A survey of community members by the Hamilton-Wentworth District School Board (HWDSB) on its Anti-Black Racism Policy found that “a large proportion” rejected the policy on grounds that it was divisive and racist. 

The HWDSB engaged hundreds of parents and guardians in a survey to be presented to the Policy Committee on Sept. 14. 

“(Respondents) feel that this is an American issue and feel all children should be treated equally. 65% of written, online comments were opposed to this policy implementation,” the consultation explained. 

“Negative comments outlined that we are practicing (critical race theory), that anti-Black racism does not exist.”

A total of 278 responses were received, 82% of which were given by parents, guardians or caregivers. 

The feedback also found that “actions that were seen as less helpful were social justice education for students, educating parents and school councils, and curriculum resources.”

“A large proportion of participants who completed the survey were opposed to its implementation for various reasons,” the survey read. 

The proposed policy seeks to dismantle “structural and institutional anti-Black racism” through race-based hiring and promotion policies, mandatory “anti-racism” training and more. 

Parents were opposed to the policy on various grounds, including the claim that the policy would only further perpetuate racism. 

“The Anti-Black Racism Policy and critical race theory perpetuates racism because talking about racism keeps it alive and it treats Black people as if they need help,” the report claimed.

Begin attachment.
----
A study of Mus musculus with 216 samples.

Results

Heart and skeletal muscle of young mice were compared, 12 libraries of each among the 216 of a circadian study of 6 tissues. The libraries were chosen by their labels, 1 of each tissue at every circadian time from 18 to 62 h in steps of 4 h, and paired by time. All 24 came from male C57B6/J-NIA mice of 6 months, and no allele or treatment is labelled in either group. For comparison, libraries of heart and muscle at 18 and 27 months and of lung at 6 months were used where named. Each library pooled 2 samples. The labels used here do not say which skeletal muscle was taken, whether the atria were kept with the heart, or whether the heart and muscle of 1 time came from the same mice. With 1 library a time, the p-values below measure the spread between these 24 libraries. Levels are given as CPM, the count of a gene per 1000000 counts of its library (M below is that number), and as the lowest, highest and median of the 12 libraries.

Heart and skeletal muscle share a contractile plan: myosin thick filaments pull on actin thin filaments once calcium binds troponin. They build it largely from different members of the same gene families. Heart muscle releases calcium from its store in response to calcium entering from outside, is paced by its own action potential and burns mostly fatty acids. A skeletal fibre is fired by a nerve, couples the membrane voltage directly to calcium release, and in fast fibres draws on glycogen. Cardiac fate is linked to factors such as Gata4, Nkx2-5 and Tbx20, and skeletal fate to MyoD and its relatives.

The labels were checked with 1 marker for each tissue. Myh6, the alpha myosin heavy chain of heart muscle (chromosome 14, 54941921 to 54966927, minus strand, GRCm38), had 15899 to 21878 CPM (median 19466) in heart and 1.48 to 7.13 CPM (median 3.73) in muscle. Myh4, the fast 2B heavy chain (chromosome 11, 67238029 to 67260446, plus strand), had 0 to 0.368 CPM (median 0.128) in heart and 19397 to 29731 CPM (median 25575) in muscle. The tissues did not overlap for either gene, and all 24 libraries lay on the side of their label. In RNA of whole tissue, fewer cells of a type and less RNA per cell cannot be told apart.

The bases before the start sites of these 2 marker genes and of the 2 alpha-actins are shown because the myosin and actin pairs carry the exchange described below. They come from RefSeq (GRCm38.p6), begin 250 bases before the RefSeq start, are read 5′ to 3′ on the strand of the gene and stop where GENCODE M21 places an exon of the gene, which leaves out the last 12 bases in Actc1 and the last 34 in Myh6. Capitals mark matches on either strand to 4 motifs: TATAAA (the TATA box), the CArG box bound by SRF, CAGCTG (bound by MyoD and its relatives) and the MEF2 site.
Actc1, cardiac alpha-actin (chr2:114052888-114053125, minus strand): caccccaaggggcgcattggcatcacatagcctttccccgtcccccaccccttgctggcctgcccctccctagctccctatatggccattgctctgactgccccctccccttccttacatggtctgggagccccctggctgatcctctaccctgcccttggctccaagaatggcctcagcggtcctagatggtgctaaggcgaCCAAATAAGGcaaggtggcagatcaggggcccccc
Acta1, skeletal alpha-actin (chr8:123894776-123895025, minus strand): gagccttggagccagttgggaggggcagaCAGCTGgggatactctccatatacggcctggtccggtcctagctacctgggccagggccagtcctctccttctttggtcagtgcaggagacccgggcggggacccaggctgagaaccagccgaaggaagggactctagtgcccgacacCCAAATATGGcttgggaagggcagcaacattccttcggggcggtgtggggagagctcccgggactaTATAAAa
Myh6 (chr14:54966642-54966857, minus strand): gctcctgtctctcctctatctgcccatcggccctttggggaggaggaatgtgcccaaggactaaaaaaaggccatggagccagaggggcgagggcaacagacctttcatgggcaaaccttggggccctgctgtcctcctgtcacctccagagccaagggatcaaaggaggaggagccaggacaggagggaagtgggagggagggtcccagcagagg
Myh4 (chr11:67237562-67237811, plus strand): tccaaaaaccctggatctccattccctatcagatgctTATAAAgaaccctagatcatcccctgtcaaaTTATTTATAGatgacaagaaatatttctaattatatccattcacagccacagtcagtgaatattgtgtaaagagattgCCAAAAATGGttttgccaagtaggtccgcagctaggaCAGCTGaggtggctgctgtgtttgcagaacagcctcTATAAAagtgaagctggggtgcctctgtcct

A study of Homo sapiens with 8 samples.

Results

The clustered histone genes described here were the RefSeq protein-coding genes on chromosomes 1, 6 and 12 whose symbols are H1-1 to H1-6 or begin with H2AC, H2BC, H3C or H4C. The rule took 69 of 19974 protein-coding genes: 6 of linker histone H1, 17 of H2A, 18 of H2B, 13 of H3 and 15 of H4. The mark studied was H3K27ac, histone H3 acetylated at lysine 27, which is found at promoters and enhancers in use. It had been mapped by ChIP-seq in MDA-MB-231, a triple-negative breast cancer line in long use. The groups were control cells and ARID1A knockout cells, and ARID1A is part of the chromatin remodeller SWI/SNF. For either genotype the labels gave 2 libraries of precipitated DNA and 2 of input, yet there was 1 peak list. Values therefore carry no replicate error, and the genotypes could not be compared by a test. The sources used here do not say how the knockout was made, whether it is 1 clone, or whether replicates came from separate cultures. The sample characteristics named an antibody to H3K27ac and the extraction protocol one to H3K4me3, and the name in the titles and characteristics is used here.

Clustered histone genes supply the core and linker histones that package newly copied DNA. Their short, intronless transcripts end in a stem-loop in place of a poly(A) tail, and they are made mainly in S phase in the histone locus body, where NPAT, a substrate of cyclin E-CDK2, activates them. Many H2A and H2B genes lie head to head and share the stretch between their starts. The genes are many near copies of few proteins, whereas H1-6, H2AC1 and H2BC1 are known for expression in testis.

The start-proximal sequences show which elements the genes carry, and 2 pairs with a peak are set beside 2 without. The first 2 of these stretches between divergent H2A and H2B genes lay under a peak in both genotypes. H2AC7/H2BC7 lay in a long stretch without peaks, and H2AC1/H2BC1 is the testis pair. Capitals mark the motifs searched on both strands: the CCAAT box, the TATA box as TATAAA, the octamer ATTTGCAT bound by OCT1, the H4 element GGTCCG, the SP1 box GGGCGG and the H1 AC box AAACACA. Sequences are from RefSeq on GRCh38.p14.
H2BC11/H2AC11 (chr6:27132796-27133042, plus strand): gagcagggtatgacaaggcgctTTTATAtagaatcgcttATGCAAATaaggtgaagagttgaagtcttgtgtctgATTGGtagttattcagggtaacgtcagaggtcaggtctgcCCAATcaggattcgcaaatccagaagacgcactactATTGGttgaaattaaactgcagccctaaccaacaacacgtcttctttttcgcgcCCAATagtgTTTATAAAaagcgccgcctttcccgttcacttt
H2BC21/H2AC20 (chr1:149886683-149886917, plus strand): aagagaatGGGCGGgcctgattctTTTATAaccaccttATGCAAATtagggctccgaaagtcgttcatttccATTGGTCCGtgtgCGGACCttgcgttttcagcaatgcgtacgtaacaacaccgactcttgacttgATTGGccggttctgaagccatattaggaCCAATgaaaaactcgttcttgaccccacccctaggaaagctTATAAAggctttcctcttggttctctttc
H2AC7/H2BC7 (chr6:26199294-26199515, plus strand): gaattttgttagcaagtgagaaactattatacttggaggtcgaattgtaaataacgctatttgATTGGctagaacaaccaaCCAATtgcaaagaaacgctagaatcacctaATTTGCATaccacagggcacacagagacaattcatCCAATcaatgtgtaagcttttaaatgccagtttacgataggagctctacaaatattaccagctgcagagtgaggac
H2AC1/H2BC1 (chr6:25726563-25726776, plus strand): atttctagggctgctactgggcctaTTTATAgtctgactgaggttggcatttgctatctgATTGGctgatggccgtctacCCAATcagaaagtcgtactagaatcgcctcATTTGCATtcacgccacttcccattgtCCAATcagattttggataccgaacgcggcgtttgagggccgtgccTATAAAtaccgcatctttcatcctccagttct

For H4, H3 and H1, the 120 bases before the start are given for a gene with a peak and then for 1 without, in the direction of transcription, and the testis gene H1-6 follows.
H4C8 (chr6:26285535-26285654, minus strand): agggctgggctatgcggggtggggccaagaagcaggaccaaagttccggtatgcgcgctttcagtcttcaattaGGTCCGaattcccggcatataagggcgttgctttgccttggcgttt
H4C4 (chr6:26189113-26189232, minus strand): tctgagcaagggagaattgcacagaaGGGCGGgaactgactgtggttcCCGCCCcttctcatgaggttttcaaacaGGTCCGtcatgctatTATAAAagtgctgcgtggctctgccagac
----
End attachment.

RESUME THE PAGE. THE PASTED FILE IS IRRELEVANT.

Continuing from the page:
“(Respondents said) the policy would divide instead of unite.” 

Although the HWDSB has promised to take into account the views of respondents, it intends to follow through with implementing an “anti-Black racism” policy. 

True North reached out to the HWDSB for comment and was told to refer to the agenda packet.

“The staff recommendation is that both the Anti-Black Racism Policy and the Human Rights Policy be recommended for approval,” said HWDSB Communications Officer Rob Faulkner. 

In response to complaints, the HWDSB wrote that while it will take into account concerns from parents it does not intend to amend the policy’s guiding principles. 

“Understand that many within our community will have different opinions on anti-Black Racism. HWDSB must continue to respond to student and community voice, research and operate with the understanding that racism, oppression and marginalization exist within our community, schools and system,” the HWDSB wrote. 

“Guiding Principles were not changed. They reflect the pre-engagement session feedback as well as the draft policy consultations feedback.”